Five more years of the same old FISA
George W. Bush’s war on terror produced two scandalous revelations. One was that the administration was using torture (a.k.a. “enhanced interrogation techniques”) to obtain information from suspected terrorists. That scandal continues to resonate in the debate over the movie “Zero Dark Thirty” and its supposed endorsement of the efficacy of torture in the search for Osama bin Laden.
The other scandal began with the revelation by the New York Times that after 9/11, the Bush administration monitored the international phone calls and emails of hundreds, perhaps thousands, of people within the United States without a court order. But while privacy advocates complain that the National Security Agency may still be vacuuming up the communications of Americans with friends and associates abroad, the issue of electronic surveillance elicits a collective yawn in Washington.
This week the Senate approved a five-year reauthorization of amendments to the Foreign Intelligence Surveillance Act, or FISA, without new language designed to ensure that large quantities of communications involving Americans aren’t being retrieved without a warrant. The legislation now goes to President Obama.
The administration has pointed out that, under a law approved after the revelation of the Bush surveillance program, U.S. citizens and permanent residents may not be targeted for electronic surveillance without a court order. Nor, according to the office of the director of national intelligence, is the government engaging in back-door searches of Americans’ communications.
Those assurances haven’t eased the apprehensions of civil libertarians who wonder -- and they can only wonder, given the secrecy of the program -- whether vast quantities of conversations involving Americans are being swooped up and data-mined. Some also worry that the surveillance program has resulted in the interception of purely domestic communications.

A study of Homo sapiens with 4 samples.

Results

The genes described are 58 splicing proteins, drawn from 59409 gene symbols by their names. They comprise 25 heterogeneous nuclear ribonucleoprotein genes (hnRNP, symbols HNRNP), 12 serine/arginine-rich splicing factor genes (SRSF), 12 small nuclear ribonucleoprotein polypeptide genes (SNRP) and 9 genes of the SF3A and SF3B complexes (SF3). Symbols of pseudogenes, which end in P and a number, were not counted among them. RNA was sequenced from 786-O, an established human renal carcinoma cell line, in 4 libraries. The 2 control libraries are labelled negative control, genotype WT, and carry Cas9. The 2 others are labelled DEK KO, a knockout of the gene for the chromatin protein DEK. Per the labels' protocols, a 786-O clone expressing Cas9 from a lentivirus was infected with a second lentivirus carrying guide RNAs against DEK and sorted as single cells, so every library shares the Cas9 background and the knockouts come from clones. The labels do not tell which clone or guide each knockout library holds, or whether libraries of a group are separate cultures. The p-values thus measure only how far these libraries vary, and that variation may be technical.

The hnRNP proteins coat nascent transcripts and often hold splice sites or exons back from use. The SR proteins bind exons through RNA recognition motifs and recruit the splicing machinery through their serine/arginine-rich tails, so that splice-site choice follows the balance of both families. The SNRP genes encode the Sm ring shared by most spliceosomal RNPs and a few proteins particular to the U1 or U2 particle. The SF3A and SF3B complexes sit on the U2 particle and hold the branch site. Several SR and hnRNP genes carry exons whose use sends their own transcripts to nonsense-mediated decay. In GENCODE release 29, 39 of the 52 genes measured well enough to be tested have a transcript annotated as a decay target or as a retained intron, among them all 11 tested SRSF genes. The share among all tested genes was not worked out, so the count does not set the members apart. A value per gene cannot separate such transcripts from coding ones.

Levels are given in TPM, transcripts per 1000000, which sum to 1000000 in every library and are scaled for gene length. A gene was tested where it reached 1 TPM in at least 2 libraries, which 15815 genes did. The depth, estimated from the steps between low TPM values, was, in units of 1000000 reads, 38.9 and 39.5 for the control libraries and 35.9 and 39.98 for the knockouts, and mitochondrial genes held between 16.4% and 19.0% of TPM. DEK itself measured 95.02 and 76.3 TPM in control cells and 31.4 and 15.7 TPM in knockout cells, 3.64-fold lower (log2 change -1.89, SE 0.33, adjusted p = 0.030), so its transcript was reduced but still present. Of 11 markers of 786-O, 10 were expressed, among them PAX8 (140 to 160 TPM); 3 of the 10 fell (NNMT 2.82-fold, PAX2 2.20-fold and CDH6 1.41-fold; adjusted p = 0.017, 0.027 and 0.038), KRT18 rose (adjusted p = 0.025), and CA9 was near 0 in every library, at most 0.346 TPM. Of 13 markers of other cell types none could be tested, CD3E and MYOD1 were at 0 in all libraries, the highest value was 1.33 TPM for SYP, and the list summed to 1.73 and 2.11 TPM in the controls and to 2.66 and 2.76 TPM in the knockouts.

Left by the wayside in the FISA extension were amendments that would have allayed some of the fears. One would have prohibited, in the absence of a court order, “the intentional acquisition of the contents of communications of a particular United States person or the searching of the contents of communications ... in an effort to find communications of a particular United States person.” Another would have required the Justice Department and intelligence agencies to inform Congress of how many people in the U.S. have had their communications either “acquired” or “reviewed.” (The DNI has said that it’s not “reasonably possible” to provide such an estimate.)
Maybe it’s true that violations of Americans’ privacy are rare and that the intelligence community is scrupulous about not targeting Americans (even in the sense of searching stored communications by placing an American’s name in a search field). It may also be the case that Sen. Dianne Feinstein (D-Calif.), the chairwoman of the Intelligence Committee, and other members of Congress are engaging in aggressive oversight of the surveillance program.
Even so, Congress could have amended the legislation to require greater accountability. In declining to do so, it probably hasn’t incurred much political damage -- any more than Obama has suffered with the public because of his embrace of the surveillance program. If Americans are worried about their privacy, they aren’t communicating that message to their elected representatives.